OFTEN when you come across a real live misery guts they will complain that life sucks, that no one is
OFTEN when you come across a real live misery guts they will complain that life sucks, that no one is honest any more, that you can’t trust a soul, and it’s all the fault of the modern world where no one behaves like they used to in the good old days. It was interesting, then, to observe that Alceste, Molière’s hater-of-all-mankind, thought exactly those thoughts even though he was created as far back as 1666.
Alceste is a poet and a true artist who despairs of the frippery and hypocrisy that permeates the French court. Unlike his contemporaries, he tells it as it is, making plenty of enemies along the way.
The only person he admires is the beautiful socialite, Célimène, who is his polar opposite. Surrounded by admiring suitors, she teases and flirts, and regales everyone with her witty but catty observations of the people in their social circle.
The plot of this comedy of manners is rather thin — unusually so for Molière — but centres on the question of whether Alceste can win her heart, or whether she will settle for one of the vain, pretentious but frankly more fun-to-be-with prospective lovers.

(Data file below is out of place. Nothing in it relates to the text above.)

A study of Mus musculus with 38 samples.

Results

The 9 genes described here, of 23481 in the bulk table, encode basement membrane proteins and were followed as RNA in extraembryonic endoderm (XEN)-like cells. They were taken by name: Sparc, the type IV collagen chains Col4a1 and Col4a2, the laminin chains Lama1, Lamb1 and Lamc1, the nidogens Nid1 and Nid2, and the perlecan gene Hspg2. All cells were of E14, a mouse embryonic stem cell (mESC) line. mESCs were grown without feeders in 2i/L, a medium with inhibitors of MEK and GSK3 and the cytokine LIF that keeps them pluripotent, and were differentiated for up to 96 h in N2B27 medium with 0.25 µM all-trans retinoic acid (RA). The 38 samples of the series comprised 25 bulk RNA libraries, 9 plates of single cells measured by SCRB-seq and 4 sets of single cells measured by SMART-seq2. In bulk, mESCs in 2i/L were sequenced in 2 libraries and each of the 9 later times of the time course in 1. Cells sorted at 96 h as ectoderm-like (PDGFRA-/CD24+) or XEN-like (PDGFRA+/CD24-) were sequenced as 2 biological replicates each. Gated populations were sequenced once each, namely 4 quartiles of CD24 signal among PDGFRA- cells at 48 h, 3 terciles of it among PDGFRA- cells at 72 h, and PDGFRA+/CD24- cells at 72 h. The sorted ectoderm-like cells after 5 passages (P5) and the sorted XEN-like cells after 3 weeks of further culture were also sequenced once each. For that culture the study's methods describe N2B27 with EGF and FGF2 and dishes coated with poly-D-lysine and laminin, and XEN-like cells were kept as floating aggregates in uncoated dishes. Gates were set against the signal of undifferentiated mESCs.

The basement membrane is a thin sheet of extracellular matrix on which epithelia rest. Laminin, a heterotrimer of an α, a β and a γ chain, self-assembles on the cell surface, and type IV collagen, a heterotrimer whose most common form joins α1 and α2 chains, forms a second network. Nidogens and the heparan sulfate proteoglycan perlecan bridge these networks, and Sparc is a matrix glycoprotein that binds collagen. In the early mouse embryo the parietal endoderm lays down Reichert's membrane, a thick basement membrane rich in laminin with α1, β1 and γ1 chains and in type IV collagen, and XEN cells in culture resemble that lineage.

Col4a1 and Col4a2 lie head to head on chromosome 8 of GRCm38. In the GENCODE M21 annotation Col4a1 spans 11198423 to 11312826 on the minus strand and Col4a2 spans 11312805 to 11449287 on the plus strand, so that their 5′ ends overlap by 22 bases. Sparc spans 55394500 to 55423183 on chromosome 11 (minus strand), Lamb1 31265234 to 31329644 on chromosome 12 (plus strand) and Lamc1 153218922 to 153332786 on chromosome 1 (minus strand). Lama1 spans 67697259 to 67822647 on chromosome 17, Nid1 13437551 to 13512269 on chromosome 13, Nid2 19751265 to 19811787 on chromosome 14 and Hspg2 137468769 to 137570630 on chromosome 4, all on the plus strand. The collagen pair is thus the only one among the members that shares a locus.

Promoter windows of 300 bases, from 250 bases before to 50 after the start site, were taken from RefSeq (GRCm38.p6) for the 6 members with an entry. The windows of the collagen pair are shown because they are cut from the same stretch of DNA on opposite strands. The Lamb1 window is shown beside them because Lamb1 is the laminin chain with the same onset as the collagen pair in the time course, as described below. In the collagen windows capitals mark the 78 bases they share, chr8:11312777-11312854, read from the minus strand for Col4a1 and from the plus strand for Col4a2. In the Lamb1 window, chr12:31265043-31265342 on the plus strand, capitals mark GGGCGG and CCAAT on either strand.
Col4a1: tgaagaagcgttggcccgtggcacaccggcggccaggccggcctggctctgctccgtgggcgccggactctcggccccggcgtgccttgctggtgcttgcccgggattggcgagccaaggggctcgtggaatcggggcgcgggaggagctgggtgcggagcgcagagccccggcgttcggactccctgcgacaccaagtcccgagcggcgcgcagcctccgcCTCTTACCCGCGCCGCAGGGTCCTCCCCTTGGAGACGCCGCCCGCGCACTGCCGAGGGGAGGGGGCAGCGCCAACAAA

Roger McGough’s adaptation is witty and clever in a deadpan kind of way, but there weren’t as many belly laughs as I was expecting in this production. Daniel Goode was hilarious as the affected Oronte, Alceste’s great love rival, and the scene where he reads out his appallingly bad sonnet for Alceste to pass judgement on was one of the funniest.
This was an entertaining night out, and it is always a pleasure to sit and absorb the thoughts of a genius such as Molière. His observations on human behaviour are so acute you can hardly believe that they were made 350 years ago. At the end of the play, you are left wondering whether Alceste’s cynicism is such an odious thing after all.